15 Feb 2023
The current market dynamics are challenging, with interest rates rising sharply to counter decades-high inflation, set against a downbeat outlook for economic growth. Whatever the macro environment - positive or gloomy - investors need to find an optimal balance for their portfolios. We believe dividends are a critical ingredient in managing these dynamics. For context, since the turn of the century, dividends have represented just over half of the total return from an investment in global equities. Heading into a downturn, dividends are becoming an increasingly important driver of returns.
Figure 1: Dividends represents a significant portion of an investor’s total return
Past performance is not a reliable indicator of future results, losses may be made.
Source: Morningstar, as at 31 December 2022. Performance of the MSCI ACWI since 01 April 2007, aligning with inception of the Global Quality Dividend Growth fund. For further information on indices, please see the Important information section.
Returns are primarily driven by free cashflow growth, dividends and changes in valuations. We believe free cashflow is the primary driver of wealth creation, as dividends are merely a residual once all capital requirements are satisfied; dividends cannot increase without growing free cashflow. The extent to which a company can achieve free cashflow growth is driven by the proportion of cashflow reinvested and then the returns achieved on those decisions.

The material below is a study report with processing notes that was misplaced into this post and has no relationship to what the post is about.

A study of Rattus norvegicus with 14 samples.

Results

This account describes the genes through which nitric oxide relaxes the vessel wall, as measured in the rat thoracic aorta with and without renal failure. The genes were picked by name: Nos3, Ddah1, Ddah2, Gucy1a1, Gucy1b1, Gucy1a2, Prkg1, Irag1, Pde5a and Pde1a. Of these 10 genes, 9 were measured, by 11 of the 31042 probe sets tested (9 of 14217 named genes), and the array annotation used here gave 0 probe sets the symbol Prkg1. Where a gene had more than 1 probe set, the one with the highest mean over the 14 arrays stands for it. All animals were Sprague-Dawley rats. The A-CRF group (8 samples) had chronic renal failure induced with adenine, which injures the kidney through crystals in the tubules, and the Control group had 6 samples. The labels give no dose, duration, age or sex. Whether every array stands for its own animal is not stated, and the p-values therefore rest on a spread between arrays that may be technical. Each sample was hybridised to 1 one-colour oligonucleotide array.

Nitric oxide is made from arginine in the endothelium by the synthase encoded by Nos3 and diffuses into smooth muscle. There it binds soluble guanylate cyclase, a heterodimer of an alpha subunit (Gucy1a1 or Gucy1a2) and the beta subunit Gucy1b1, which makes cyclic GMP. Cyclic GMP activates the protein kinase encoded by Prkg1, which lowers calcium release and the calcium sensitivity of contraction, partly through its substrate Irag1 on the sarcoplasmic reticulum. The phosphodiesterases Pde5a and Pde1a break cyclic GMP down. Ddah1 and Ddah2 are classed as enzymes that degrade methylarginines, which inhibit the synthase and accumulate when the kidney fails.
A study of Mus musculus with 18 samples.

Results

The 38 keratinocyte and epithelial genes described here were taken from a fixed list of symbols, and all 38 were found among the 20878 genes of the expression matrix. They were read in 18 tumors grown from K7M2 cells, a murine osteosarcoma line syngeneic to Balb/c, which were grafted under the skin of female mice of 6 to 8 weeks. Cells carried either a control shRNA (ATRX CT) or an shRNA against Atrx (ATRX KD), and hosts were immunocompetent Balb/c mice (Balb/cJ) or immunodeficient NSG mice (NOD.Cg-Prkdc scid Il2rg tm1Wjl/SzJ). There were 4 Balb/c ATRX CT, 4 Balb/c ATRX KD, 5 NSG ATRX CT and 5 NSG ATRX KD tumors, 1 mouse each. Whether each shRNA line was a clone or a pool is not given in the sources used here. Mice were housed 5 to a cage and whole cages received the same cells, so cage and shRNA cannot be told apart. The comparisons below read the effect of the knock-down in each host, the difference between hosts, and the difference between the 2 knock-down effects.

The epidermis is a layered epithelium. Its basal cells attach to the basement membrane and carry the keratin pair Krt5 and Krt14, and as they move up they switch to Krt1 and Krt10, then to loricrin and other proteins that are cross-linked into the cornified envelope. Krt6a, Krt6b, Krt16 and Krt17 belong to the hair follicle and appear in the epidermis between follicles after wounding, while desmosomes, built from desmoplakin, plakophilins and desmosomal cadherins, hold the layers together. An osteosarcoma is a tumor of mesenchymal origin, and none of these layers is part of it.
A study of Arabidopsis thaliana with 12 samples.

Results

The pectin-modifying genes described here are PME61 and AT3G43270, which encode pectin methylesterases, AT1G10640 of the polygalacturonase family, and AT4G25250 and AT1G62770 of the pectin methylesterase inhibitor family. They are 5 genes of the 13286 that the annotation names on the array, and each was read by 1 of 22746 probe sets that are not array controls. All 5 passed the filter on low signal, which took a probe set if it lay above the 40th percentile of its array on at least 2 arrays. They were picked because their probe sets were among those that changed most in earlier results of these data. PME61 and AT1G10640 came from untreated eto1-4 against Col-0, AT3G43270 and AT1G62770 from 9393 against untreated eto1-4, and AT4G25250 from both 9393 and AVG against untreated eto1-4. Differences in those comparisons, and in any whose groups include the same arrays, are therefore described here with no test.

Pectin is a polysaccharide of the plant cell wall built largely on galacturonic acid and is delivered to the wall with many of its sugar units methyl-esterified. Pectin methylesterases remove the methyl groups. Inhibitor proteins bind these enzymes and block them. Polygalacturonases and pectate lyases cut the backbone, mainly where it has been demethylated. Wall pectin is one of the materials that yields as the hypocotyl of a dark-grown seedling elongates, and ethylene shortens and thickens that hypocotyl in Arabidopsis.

Therefore, we believe the ability to identify companies that effectively allocate and reinvest cashflow is paramount for active investors to deliver attractive total returns. Such companies are best positioned to provide their shareholders with both a growing dividend and capital growth. In order to identify firms that can deliver this over the long term, it is important to be disciplined in defining the high-quality credentials that set these businesses apart.
General risks. All investments carry the risk of capital loss. The value of investments, and any income generated from them, can fall as well as rise and will be affected by changes in interest rates, currency fluctuations, general market conditions and other political, social and economic developments, as well as by specific matters relating to the assets in which the investment strategy invests. If any currency differs from the investor’s home currency, returns may increase or decrease as a result of currency fluctuations. Past performance is not a reliable indicator of future results. Environmental, social or governance related risk events or factors, if they occur, could cause a negative impact on the value of investments.